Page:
1. #1
    Chieftain stanc's Avatar

    Was intending to put this video in the .308 vs 6.5 Grendel thread, but it appears that got deleted. So, since this section didn't seem busy, I'm putting it here although it ain't your typical target.

    (Mods feel free to move it elsewhere, if you wish.)


    Gun Confiscation WILL NOT Happen In My Lifetime. Pat Kelley 1998

    NOR IN MINE!

  3. #3
    QuadCam

    i was thinking the m855 with the steel penetrator core would have penetrated through all the jugs. I guess not.
    855 is a bit of a compromise as an AP. Once it hits something, the jacket seems to come apart. The penetrator sometimes keeps going, as it did in this case, when it exited the side of the jug.

    I would like to see this test with the Barnes solid 110 grain.

    Going to have to give it a try.
    Gun Confiscation WILL NOT Happen In My Lifetime. Pat Kelley 1998

    NOR IN MINE!

  5. #5
    JASmith

    The mantra is "bullet construction counts!"

    i was thinking the m855 with the steel penetrator core would have penetrated through all the jugs. I guess not.
    As Bill noted, bullet construction of M855 is relatively fragile, with a much thinner jacket than larger calibers.

    Also, for tough barriers like this, there's no substitute for mass. Even though the 7.62 and 6.5 MatchKings lack the steel tip of M855, their post-barrier effects were far greater.

  7. #7
    JASmith

    They need to do that so the harder material can do its thing.

    It's too early to generalize about the value of mass. While mass and the KE associated with it makes exciting splashes, one needs the bullet to get through in order to get on the table for effects. The lighter M855 core penetrated as far as anything else and was a lot lighter. Hence one could also draw the conclusion that there's no substitute for steel, since the M855 was the only round with a steel core.
    Last edited by JASmith; 08-20-2011 at 06:29 PM.

  8. #8
    Chieftain stanc's Avatar
    The core separating from the rest of the bullet should be no surprise.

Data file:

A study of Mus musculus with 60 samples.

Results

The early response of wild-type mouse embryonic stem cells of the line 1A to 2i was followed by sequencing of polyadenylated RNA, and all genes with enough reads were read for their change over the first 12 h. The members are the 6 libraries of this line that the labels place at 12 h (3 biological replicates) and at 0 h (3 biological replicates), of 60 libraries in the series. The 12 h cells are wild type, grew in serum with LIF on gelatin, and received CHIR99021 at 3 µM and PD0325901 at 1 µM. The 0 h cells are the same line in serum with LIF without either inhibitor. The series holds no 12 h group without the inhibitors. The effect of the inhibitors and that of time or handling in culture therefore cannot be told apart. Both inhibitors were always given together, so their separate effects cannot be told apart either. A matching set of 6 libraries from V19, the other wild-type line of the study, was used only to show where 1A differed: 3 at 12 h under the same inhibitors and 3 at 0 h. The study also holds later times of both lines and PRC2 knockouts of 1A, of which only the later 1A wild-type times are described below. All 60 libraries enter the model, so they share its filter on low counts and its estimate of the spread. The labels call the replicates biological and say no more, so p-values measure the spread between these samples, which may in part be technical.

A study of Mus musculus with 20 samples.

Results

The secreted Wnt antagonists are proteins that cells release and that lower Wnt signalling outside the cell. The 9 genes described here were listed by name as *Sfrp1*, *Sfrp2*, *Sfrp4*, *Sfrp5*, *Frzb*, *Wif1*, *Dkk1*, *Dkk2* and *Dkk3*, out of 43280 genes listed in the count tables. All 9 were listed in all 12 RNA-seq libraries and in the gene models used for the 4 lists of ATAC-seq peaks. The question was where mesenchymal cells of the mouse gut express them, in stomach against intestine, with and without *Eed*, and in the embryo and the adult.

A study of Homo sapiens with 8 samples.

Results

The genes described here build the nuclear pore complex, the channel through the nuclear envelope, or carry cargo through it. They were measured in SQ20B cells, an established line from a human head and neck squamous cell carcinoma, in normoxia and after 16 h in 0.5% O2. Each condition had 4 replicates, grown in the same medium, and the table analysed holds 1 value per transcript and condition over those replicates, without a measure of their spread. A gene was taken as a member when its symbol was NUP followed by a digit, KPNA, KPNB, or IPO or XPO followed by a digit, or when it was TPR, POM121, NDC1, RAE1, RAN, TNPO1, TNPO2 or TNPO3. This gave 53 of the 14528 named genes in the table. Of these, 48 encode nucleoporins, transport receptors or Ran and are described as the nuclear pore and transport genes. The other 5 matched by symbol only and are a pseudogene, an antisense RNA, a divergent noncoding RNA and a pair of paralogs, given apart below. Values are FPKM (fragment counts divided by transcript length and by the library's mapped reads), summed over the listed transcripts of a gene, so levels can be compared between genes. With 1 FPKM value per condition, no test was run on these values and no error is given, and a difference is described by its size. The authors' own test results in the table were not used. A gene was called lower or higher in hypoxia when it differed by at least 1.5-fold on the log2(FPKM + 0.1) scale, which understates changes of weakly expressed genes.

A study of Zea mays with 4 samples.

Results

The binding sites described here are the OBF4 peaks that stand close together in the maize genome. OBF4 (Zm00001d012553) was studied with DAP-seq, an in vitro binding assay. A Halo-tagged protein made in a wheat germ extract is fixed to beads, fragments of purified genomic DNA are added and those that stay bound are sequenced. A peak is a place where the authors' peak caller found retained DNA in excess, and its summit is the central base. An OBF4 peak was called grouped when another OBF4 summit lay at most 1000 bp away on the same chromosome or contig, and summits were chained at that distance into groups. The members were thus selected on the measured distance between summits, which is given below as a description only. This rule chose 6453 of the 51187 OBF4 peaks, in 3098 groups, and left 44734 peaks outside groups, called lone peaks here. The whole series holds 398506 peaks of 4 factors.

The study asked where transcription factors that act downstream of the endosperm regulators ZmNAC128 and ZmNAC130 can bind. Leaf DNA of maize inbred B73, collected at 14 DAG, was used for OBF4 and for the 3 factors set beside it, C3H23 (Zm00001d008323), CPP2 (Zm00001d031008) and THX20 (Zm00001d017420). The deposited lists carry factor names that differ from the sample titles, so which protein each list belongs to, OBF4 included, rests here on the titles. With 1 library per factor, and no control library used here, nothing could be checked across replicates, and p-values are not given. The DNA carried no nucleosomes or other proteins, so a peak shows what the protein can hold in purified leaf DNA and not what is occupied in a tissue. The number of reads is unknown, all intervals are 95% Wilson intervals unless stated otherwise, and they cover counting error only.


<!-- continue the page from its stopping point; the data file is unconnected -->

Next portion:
They need to do that so the harder material can do its thing.
    Huh?
    It's too early to generalize about the value of mass.
    Too early for you, perhaps, but not for me. In similar barrier penetration testing I did in the past, I observed that heavier bullets always outperformed lighter bullets, despite a velocity differential of 300 fps.

    Rifle calibers (7.62mm 147gr FMJ vs 5.56mm 55gr FMJ) and pistol calibers (.45 ACP 230gr FMJ vs 9mm 115gr FMJ), the result was the same.
    While mass and the KE associated with it makes exciting splashes, one needs the bullet to get through in order to get on the table for effects.
    Uh, don't you realize that the "exciting splashes" were caused by the bullets getting through???
    The lighter M855 core penetrated as far as anything else and was a lot lighter.
    True, but its post-barrier effect was far less than those of the bigger, heavier bullets.
    Hence one could also draw the conclusion that there's no substitute for steel, since the M855 was the only round with a steel core.
    Incorrect conclusion. Note the difference in post-barrier wound trauma of 5.56 M855 vs 6.8 M855-type bullet.



    There is no substitute for mass.

  9. #9
    JASmith

    As near as I can tell, the context of almost any discussion in this forum is the Grendel. My interest is in what bullet designs, etc. might help it perform better in various encounters.

    To be sure, mass is important, but it is only a part of the system and the Grendel platform puts significant constraints on the mass that can be brought to the problem.

    I will repeat, one has to get through any intervening material before the response in gel (or any liquid) begins to be important.

    Further, the milk jug tests more closely illustrate the dynamic wound cavity than the permanent wound cavity. Martin Fackler and others have shown that the dynamic cavity, while capable of presenting spectacular pictures, does not adequately represent wound potential in torso-sized objects with individual weapons.

    To illustrate, consider the difference in how that milk jug responds to the 5.56 to how a 5 gallon plastic can will. Or to get more graphic, a squirrel coming apart when hit by that round versus a small hole in a deer - both responses from the same bullet at the same velocity. You just can't count on the dynamic cavity causing significant damage unless the body is small enough that the skin (or package) ruptures.

    To repeat:
    1) Hydrodynamic shock, while interesting, is a minor player in the terminal effects the Grendel needs to generate.

    2) When working to get the most out of a cartridge, trades in penetration, energy, and bullet construction are needed.
    Bottom Line: If the purpose of this thread is merely to entertain, then I will read with amusement. If, however, the comments appear to impact the Grendel (or other cartridge) design space, I will likely add more comments.

  10. #10
    Chieftain stanc's Avatar
    To be sure, mass is important, but it is only a part of the system and the Grendel platform puts significant constraints on the mass that can be brought to the problem.

    I will repeat, one has to get through any intervening material before the response in gel (or any liquid) begins to be important.
    Does this mean you still don't understand that the 6.5 and 7.62 MatchKings did get through the barrier???
    Bottom Line: If the purpose of this thread is merely to entertain, then I will read with amusement. If, however, the comments appear to impact the Grendel (or other cartridge) design space, I will likely add more comments.
    Comment all you wish. But it'd be nice if you show evidence that supports your claims, instead of just posting your beliefs.